232.4 Minorities, high-risk behavior, and social resistance

Thursday, August 2, 2012: 10:00 AM
Faculty of Economics, TBA
Oral Presentation
Roni FACTOR , School of Criminology, University of Haifa, Israel
Across societies, non-dominant minorities often exhibit higher rates of involvement, compared to the dominant group, in high-risk behaviors such as smoking, drug and alcohol use, sexual risk behaviors, overeating, and unsafe driving habits. Over the years, different explanations have been put forward to explain this phenomenon. These theories tend to fall into two classes: macro-structural or micro-agentic explanations. Also, they tend to regard individuals as passive players who are influenced by the social environment or by psychological problems, or who fail to make “good” choices.

This research tests an integrated theoretical framework that incorporates both micro and macro explanations and that perceives members of non-dominant groups as active players. The social resistance framework suggests that power relations in society encourage members of non-dominant groups to actively engage, consciously or unconsciously, in everyday resistance practices that include various high-risk behaviors.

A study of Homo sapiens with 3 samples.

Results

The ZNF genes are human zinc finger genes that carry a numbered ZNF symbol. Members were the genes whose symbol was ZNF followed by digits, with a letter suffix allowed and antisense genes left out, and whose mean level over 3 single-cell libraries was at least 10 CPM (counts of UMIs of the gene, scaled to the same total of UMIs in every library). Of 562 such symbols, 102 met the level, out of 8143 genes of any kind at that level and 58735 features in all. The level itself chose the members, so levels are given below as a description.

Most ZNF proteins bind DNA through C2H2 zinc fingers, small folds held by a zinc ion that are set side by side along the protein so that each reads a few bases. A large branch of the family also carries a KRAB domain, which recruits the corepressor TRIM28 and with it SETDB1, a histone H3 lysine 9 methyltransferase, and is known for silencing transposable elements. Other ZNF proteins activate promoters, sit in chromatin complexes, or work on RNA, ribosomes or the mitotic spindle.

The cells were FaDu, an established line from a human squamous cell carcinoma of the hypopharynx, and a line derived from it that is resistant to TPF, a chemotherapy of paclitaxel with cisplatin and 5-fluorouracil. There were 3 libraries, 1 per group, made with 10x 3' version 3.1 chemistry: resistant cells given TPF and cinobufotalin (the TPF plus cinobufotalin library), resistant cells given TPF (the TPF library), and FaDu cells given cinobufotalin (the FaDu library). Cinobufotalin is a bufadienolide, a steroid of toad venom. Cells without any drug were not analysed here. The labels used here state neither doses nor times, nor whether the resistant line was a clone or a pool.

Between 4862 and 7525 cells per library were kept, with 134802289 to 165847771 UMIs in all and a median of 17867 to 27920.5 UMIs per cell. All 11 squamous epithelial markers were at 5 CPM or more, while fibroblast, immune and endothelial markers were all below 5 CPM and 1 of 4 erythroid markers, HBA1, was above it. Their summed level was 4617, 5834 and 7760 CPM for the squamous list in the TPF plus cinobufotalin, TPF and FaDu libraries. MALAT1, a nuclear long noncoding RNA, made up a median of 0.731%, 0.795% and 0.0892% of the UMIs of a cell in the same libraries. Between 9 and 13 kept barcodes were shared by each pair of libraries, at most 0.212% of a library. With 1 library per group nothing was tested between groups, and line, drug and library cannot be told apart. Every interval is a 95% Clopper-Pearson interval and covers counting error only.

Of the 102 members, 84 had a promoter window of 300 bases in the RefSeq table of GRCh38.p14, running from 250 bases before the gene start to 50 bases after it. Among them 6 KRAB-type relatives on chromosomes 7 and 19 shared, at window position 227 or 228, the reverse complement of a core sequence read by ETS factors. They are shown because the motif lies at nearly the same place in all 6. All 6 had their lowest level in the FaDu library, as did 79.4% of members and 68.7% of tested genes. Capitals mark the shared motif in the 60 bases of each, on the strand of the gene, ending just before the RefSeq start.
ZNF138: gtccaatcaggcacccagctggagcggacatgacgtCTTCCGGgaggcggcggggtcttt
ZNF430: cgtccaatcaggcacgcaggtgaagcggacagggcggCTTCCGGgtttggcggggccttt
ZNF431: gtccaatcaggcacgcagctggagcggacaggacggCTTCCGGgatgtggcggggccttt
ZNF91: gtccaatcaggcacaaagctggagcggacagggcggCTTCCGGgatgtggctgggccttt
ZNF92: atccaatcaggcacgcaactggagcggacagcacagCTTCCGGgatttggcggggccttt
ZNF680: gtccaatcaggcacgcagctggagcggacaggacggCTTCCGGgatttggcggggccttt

To test the research hypotheses, two surveys were conducted among representative samples of two non-dominant minority groups and two majority groups. We conducted the first survey in Israel among 530 Israeli Arabs and 530 Jews, and the second in the U.S. among 200 African Americans and 200 whites. The results indicate that among both non-dominant minority groups, social resistance was positively and significantly correlated with engagement in various high-risk and unhealthy behaviors – such as smoking, alcohol consumption, and traffic violations – after controlling for various variables.

The findings provide preliminary support for the social resistance framework and suggest that people who engage in high-risk behaviors make risky choices as an agentic expression of their resistance. Therefore, we should focus less on delivering educational messages and shift more attention to people’s underlying motivations for choosing particular behaviors, e.g., by developing interventions that will change the target of the resistance or channel it to less risky alternatives.